ON TRACK TO SUCCESS
A pro shares his top ten tips for starting a virtual business.
Being virtual is simply a great way to start a company, especially if you can work from a home office or out in the field. Chris Ogburn, director of sales and development for small and medium businesses at HP, is a leading advocate and advisor for small business owners around the globe. His team has met with nearly than 8,000 small business owners through HP’s work with the U.S. Small Business Administration’s national Business Matchmaking initiative, a program designed to give that sector access to key decision-makers in local, state and federal government agencies.
Chris has developed the following list of tips for starting a virtual business to address a trend that he believes is not reversing – the rise in virtual workers, up by 800 percent in just the past five years (Nemertes Research). With some thoughtful planning, operating a business out of your home could open you up to the joys of self-employment without all the overhead!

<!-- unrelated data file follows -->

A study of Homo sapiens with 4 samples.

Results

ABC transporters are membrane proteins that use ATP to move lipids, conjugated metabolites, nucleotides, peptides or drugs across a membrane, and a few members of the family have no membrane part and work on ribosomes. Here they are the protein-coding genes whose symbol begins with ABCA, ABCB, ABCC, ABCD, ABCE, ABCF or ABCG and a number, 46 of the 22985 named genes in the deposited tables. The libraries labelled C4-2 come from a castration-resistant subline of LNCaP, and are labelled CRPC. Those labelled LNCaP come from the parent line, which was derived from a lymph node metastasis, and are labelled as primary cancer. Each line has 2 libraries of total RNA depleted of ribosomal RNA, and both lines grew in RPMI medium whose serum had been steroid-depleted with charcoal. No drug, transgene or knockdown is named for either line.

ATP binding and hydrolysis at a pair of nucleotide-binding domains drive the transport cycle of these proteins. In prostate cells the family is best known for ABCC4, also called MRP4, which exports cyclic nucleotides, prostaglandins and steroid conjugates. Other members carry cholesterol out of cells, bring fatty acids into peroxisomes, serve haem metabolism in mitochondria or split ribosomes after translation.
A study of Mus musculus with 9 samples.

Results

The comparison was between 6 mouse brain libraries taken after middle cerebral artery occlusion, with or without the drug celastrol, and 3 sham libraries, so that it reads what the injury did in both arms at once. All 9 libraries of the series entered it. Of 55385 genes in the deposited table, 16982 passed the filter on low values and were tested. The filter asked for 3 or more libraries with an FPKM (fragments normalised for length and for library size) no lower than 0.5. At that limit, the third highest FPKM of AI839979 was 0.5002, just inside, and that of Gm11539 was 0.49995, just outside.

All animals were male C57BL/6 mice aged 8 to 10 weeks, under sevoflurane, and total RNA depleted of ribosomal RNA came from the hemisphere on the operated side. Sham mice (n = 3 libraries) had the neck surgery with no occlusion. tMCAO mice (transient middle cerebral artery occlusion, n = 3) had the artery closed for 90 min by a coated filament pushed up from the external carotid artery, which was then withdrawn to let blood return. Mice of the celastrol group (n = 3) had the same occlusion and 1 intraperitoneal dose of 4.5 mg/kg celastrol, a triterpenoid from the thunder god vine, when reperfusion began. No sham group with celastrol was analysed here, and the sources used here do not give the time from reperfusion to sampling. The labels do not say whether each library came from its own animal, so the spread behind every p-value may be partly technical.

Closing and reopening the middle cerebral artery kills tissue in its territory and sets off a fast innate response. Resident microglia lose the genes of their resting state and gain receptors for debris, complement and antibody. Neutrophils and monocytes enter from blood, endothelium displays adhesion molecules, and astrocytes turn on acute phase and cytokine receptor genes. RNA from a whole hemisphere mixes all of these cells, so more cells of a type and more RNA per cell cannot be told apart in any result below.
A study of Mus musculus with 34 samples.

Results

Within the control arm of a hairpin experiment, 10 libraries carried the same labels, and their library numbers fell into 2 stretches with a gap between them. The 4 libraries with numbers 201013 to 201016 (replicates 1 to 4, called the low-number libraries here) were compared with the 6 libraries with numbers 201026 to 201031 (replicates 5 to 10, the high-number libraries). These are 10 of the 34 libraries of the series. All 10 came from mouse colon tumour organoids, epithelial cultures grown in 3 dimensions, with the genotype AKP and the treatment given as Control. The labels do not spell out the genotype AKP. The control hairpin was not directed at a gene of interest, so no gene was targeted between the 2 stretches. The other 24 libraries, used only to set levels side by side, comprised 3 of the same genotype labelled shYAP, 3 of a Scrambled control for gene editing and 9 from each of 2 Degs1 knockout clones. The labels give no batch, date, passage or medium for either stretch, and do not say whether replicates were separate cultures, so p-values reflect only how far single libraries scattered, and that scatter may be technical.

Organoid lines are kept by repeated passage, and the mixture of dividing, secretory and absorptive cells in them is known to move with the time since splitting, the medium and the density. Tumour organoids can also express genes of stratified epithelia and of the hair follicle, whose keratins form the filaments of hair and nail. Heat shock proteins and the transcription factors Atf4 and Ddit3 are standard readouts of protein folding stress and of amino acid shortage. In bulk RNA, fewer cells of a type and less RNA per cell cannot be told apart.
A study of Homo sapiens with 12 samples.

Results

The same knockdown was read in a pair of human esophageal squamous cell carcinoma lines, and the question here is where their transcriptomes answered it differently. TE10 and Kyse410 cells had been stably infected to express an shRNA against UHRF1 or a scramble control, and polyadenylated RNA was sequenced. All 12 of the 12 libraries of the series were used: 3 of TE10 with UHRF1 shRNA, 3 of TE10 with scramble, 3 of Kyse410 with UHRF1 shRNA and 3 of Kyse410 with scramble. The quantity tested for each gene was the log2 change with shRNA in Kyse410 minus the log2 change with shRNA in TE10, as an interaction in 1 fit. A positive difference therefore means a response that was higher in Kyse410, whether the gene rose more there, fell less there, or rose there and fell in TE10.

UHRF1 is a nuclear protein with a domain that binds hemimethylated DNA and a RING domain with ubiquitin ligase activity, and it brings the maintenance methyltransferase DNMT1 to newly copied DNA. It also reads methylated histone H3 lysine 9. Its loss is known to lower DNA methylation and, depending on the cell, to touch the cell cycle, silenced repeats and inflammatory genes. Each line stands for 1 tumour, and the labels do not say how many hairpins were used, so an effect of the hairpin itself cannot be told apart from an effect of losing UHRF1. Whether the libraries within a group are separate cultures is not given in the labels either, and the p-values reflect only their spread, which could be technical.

We are delighted to present Chris’ top ten tips for starting a virtual business:
Tip #1: Make sure your business can operate “virtually.” Are you meeting with contacts at your place of business, or theirs? Do you spend most of your time outside the office?
Good candidates for a virtual business: Architects, interior designers, home build-ers, computer professionals, accountants, other service professionals (businesses where most of the work is actually in other people’s homes or businesses – ranging from cleaning services to home repair).
Poor candidates for a virtual business: Physicians, mental health professionals, manufacturing businesses.
Tip #2: Consider your personality. Are you a self-starter, or do you need inspiration from others to get things done? Do you prefer quiet time to work, or do you thrive around other people who can provide reinforcement and support? Are your management skills suited for a phone-based relationship with your remote team?
Tip #3: Hire the right people. Do you have trustworthy employees who can get the job done, even if they are not physically in the same office? How much of their work is actually done outside the office? Can you trust your existing staff to work independently from a home-office location? Do you have access to a mature talent pool of potential employees if you are just starting out or planning to expand?